Internet Cryptography, by Richard E. Smith, ISBN 0-201-92480-3, Addison-Wesley, 1998.

[Originally published in Cisco’s The Internet Protocol Journal, March, 1999.]

The 1990s might easily be known as the decade of the Internet. The Internet came into the mainstream during this decade, a global frontier with frontier problems and rules. Seemingly overnight, everyone from government agencies to Chinese restaurants had a Web presence. Young children exchanged e-mail with their grandparents and friends, a big change from just a few years ago when it was the domain of technologies and a place where everybody knew your name.

The 1990s could also be known as the decade when cryptography became mainstream. Perhaps because of the change in the Internet community, people became more aware of the need to protect the privacy of internetwork communications. Certainly, the U.S. government’s attempt to push government control of cryptographic keys in the Clipper controversy helped to move cryptography and its related issues from science journals to the front pages of our newspapers. Today, while not main-stream, terms such as Virtual Private Networks (VPNs), Secure Sockets Layer (SSL), IP Security (IPSec), Pretty Good Privacy (PGP), Secure Multipurpose Internet Mail Extensions (S/MIME), and related technologies are known among IT professionals, and cryptography is no longer a tool used only by spies and military communication officers.

The Author

Richard E. Smith is well known to members of various security-related forums on the Internet, as well as to security conference attendees. A security consultant with Secure Computing Corporation, Smith’s background is in military-grade security. His experience on the lecture circuit, explaining issues of firewalls, cryptography, and other computer and network security topics, has directly contributed to production of a book on a lofty subject that is reachable by the nonscientist.


The chapters of this book fall into three groupings: an introduction to the basics of cryptography, its terms, methods, and mechanisms; network encryption and a discussion of VPNs, focusing on IPSec; and finally public key cryptography as it is used with message and file encryption and “Web” transactions.

The discussion in the opening chapter on basics may scare some off; Smith tends to oscillate between various levels of complexity. Consequently, some members of the intended audience of (quoting from the Preface) “people who know very little about cryptography but need to make technical decisions about cryptographic security,” may, for example, zone out during the discussion of IP protocols. My suggestion would be to press on, and not worry about the random item that might go over your head. Everything there has a purpose, and the important information will fall into place by the end of each chapter.

If this book ended with Chapter 4, it would still be a useful book. The complex basics of cryptography and the issues that should be of concern to an information security officer are clearly presented and explained. The only area that is given less than adequate coverage is that of key recovery. Smith makes no mention of legitimate business reasons for the recovery of encrypted data if the originator is unavailable (the proverbial question, “What if you got hit by a truck?”), nor does he mention any mechanism other than the escrow of secret keys, although there are other, safer, methods. Of particular use are Smith’s explanations of the various cryptographic algorithms and his discussions of safe key lengths and risks.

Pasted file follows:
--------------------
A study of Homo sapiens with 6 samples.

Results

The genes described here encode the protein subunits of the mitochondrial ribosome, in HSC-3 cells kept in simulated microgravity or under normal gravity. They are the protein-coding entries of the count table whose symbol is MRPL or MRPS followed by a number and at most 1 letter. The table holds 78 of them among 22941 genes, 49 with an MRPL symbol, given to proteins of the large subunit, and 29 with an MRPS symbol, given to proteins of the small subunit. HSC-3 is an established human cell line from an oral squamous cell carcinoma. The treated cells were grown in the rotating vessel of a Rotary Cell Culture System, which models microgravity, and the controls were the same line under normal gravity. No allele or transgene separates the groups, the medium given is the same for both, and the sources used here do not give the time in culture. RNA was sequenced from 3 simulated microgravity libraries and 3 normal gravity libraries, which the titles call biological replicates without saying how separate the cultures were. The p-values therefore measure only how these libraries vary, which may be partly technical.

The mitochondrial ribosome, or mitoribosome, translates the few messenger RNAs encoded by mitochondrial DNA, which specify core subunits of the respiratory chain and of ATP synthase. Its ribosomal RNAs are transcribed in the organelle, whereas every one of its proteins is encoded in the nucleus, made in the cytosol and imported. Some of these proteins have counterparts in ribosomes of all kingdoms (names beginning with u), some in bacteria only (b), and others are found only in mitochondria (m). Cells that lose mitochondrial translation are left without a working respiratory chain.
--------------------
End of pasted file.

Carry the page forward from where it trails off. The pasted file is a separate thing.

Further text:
In the sections on VPNs and IPSec, Smith covers everything from mobile users and remote access, to point-to-point encryption, and the issues of key distribution, exchange, and the mechanisms used to automate encrypted communication. Everyone seems to know that IPSec will save the world and is the answer to all our security problems (and I have my tongue firmly planted in my cheek), but few know what IPSec really does, from a “features and benefits” point of view. Of particular use and interest are the sections labeled “Deployment Example.” These small case studies show the technology in action and discuss some of the decisions and processes that came before deployment.

The section covering public key cryptography along with file and message encryption is perhaps shorter than it should be, although much of the groundwork is done earlier in the book. Missing is a “how to” on setting up a public key infrastructure (PKI) for a corporation to use. There are “Product Examples” in this section, but not “Deployment Examples.” Perhaps those will have to wait for a second edition, for although this is a lack in the book, there are not many real-life examples from which to choose. Although discussed in theory for years, this is still “leading edge” in the real world. The chapter on Web servers should prove informative and useful to any organization thinking of deploying (or having already deployed) a Web server.

In the chapter entitled “Secure Electronic Mail,” the fact that Smith covers Privacy Enhanced Mail (PEM) as a technology more than he covers S/MIME is puzzling, but the basics of PEM are useful for discussion, even if PEM as a technology seems to be dead.

Cryptography Is Necessary

The advertisement on the back of the book (not written by the author, of course) states “Here, in one comprehensive, soup-to-nuts book, is the solution for Internet security: modern-day cryptography.” Obviously the claim that cryptography is the solution for Internet security is way over-inflated; modern-day cryptography is not the solution, but, cryptography is an important part of a “balanced” security solution. Smith does an admirable job of making this heretofore…well, cryptic… subject, understandable, interesting, and even enjoyable.